The Top 5 Mistakes Investors Make When Approaching Retirement

June 28, 2024  |  Doug Frawley, CFP®, CPA

Approaching retirement is an exciting yet critical phase of one’s financial journey.

It’s the time when careful planning and prudent decision-making can significantly impact the quality of your retirement years. However, many investors make mistakes that can jeopardize their financial security. Here are the top five mistakes you should avoid as you near retirement:

1. Underestimating Healthcare Costs

One of the most common mistakes is underestimating the rising healthcare costs.

Many retirees are caught off guard by the expenses that Medicare doesn’t cover, such as dental, vision, and hearing care.

Additionally, long-term care costs can be substantial.

Tip: Consider purchasing a supplemental insurance policy and factor in long-term care insurance to cover potential gaps. Regularly review your healthcare plan to ensure it meets your needs.

2. Retiring with Too Much Debt

Entering retirement with a significant amount of debt can put a strain on your finances.

Mortgages, credit card debt, and other loans can erode your savings faster than anticipated.

Tip: Focus on reducing or eliminating debt before you retire. This might mean prioritizing debt repayment over other financial goals in the years leading up to retirement. A debt-free retirement allows you to allocate your income and savings toward enjoying your golden years.

3. Neglecting to Adjust Spending Habits

Retirement often means living on a fixed income, and many individuals fail to adjust their spending habits accordingly.

Continuing pre-retirement spending patterns can quickly deplete your savings.

Tip: Create a detailed retirement budget that accounts for all your expenses. Track your spending to ensure it aligns with your budget and make adjustments as necessary.

4. Starting Social Security Too Early

Claiming Social Security benefits at the earliest possible age (62) can reduce your monthly benefits significantly.

Many make the mistake of starting Social Security too early without considering the long-term impact.

Tip: Evaluate your financial situation and health status before deciding when to start Social Security. Delaying benefits until age 70 can increase your monthly payments substantially.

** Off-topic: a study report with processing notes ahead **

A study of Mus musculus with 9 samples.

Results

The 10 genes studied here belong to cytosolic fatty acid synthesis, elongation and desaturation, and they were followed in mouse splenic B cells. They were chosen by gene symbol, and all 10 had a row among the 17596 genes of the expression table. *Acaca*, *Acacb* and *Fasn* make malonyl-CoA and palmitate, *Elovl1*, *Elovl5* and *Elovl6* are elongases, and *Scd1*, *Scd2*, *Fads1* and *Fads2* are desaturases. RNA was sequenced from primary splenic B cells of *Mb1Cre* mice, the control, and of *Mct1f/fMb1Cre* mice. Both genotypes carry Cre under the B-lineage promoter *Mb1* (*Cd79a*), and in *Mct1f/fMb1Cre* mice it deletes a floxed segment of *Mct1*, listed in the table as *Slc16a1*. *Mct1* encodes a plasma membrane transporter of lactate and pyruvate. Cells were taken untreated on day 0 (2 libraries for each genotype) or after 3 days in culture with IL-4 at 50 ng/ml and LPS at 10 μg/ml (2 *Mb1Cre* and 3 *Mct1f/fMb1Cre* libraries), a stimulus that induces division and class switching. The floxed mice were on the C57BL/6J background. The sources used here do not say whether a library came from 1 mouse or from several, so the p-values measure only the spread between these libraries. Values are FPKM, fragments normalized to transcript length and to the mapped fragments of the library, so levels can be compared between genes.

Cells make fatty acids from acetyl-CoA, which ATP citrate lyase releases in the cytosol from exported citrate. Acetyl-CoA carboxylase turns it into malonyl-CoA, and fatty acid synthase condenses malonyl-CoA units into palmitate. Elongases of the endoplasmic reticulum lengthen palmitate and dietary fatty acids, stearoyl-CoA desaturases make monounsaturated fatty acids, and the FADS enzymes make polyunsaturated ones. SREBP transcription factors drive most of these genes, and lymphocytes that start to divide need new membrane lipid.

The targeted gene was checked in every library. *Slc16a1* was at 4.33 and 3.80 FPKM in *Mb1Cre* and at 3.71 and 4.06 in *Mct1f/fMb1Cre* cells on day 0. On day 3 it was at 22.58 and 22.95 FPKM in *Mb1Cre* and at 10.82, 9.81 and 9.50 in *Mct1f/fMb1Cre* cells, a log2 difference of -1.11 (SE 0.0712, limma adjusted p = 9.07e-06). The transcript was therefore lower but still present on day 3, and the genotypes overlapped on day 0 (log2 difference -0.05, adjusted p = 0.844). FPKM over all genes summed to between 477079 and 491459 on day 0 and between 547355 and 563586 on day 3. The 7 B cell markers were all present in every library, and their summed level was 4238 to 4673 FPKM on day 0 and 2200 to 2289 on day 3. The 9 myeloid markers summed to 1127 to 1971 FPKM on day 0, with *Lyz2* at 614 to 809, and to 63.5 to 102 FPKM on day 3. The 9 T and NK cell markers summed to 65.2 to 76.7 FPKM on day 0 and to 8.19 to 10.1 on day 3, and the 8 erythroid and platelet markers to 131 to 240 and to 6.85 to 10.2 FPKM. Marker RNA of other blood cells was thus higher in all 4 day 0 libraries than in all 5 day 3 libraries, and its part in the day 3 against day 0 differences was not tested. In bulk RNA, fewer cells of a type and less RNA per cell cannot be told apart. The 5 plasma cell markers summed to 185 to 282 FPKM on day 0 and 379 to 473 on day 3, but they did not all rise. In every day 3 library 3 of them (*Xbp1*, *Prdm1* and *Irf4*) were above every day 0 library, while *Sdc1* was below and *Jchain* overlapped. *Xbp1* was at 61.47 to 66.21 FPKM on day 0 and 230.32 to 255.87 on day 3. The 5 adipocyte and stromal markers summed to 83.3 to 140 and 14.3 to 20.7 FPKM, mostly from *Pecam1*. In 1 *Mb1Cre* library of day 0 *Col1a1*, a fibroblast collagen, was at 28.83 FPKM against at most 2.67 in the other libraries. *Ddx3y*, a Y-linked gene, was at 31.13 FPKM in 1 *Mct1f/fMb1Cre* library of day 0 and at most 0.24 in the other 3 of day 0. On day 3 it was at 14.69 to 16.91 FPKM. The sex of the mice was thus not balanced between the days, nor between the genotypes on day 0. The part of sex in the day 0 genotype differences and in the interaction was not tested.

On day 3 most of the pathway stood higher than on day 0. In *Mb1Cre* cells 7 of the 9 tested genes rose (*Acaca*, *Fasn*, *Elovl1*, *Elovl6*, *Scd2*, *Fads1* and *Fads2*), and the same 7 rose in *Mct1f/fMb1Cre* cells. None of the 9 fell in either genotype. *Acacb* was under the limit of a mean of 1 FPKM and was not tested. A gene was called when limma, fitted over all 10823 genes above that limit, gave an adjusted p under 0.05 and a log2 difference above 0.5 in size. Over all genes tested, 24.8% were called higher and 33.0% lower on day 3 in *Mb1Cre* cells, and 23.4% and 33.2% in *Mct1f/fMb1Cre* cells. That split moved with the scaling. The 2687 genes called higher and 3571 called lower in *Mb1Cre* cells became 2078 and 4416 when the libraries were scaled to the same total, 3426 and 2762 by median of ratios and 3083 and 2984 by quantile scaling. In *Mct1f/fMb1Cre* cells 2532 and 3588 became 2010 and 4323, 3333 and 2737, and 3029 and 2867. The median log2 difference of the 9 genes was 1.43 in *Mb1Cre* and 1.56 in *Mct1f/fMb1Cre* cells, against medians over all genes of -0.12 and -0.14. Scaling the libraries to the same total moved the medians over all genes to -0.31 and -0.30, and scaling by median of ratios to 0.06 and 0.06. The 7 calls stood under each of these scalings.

5. Overlooking Inflation’s Impact

Inflation erodes the purchasing power of your money over time. Many retirees fail to account for inflation in their retirement planning, leading to a shortfall in funds as living costs rise.

Additionally, it’s crucial to recognize that your time horizon doesn’t abruptly end at retirement; you will likely need your funds to last at least a couple of decades or longer.

Tip: Ensure your investment strategy includes growth-oriented assets that can outpace inflation. Regularly review and adjust your retirement plan to reflect changes in inflation rates. Plan for a time horizon that extends well beyond the initial retirement date to ensure your savings can support you throughout your retirement years.


Avoiding these common mistakes can help you secure a financially stable and comfortable retirement.

It’s crucial to plan ahead, seek professional advice, and regularly review your financial strategies.

Remember, a well-thought-out retirement plan is key to enjoying your golden years with peace of mind.

As a Certified Financial Planner® I can provide you with a comprehensive financial plan and personalized guidance to navigate these challenges and optimize your retirement strategy.

Feel free to reach out to discuss your unique needs and goals.

Until next time,

If you’ve been considering hiring an advisor to help guide you through the ever-changing financial landscape, take your first step today by scheduling a free consultation with one of our experienced team members. There’s no risk in exploring if we’re the right fit for your financial goals. Contact us now.

Doug Frawley, CFP®, CPA

As a Senior Financial Advisor at Avalon Doug Frawley is committed to fostering enduring relationships with clients through consistent communication, insightful education on market dynamics, and unparalleled service. Doug has been a fiduciary for over a decade- always putting his clients' best interests first. In fact, he started his journey as a financial professional as a fiduciary from day one as a Certified Public Accountant.